The Ultimate Guide to Hair Textures

Last Reviewed: October 2021

Here at Philip Kingsley, we avoid using terms like ‘normal’, ‘dry’ and ‘oily’ to categorise hair, because after all, what is ‘normal’ for one person may not be normal for another. Instead, we pioneered the technique of classifying hair according to four textures:

Other factors we take into consideration include your hair’s length and level of processing. Combining all this information together helps us to advise you on a daily hair care regime that is right for you. Read on to discover our expert guide on how to identify your hair texture, as well as the products we recommend specifically for it, to help your hair look and feel its very best.

The 'Normal Hair' Myth

You might have come across labels on shampoo and styling products that say, ‘suitable for ‘Normal/Dry Hair’ or ‘Normal/Oily Hair’. However, what counts as ‘normal’ for your hair will not be the same ‘normal’ for everyone else (like your family, friends or children, for example). Your hair may be very fine and dry, while your friend’s might be very coarse and dry, and whilst both hair conditions are ‘normal’, they require completely different regimes and products to look their best.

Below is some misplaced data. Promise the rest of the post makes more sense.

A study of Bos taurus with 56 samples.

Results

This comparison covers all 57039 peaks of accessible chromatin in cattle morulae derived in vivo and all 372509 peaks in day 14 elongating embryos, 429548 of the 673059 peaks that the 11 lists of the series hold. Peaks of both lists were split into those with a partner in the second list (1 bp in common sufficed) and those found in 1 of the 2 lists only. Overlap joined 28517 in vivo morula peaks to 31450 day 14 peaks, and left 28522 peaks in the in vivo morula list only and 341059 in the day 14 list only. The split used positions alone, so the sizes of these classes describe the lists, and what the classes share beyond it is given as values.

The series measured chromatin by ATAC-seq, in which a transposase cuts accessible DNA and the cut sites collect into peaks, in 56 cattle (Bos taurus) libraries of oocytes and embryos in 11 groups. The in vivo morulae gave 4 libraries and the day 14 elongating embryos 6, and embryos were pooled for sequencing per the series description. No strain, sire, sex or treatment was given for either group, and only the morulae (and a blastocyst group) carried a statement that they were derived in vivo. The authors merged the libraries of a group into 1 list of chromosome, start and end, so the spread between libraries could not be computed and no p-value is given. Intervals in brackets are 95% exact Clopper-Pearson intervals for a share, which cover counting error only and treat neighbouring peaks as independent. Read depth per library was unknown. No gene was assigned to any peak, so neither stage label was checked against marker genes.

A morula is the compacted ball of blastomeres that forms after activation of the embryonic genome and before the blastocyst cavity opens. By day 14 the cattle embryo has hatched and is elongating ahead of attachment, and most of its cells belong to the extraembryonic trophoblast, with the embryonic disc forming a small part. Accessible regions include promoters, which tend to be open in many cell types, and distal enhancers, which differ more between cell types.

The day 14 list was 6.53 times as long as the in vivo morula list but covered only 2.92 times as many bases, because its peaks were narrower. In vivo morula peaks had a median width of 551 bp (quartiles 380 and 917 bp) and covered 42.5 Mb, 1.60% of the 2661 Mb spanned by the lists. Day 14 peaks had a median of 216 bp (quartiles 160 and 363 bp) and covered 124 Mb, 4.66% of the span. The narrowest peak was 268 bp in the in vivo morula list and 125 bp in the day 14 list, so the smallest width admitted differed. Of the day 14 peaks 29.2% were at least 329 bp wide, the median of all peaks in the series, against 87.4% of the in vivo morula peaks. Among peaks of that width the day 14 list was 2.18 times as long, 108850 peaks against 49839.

The 'Dry Hair' Myth

‘Dry’ is a term that describes the condition your hair is in, rather than your hair’s natural texture, although some people’s hair will be more prone to dryness than others. The products best suited to combatting dryness will differ depending on your hair texture. Your hair can be fine, straight, limp and dry, or coarse, curly, frizzy and dry. On the other hand, it could be oily at the roots and dry at the ends. Your hair could also be chemically processed, as well as short or long. Each of these combinations call for different products to get strands looking their best.

The 'Oily Hair' Myth

It’s natural for your roots to get a little oily, especially if you have fine hair. Every scalp produces sebum, a natural oil secreted by the sebaceous (oil) glands attached to your hair follicles. But, unlike the common myth, washing your hair does not strip it of its natural oils! Washing simply cleanses away the build-up of old oil on your hair and stops your strands from becoming limp, greasy and smelly. Your sebaceous glands will soon secrete fresh oil to help keep your hair supple and soft.

Hair that is poker straight tends to look more oily than curly hair, and this is because sebum can flow easily down a straight hair, but a curly strand provides some resistance against this. The same thing can happen if hair is damaged and the outer cuticle layer is not laying smooth.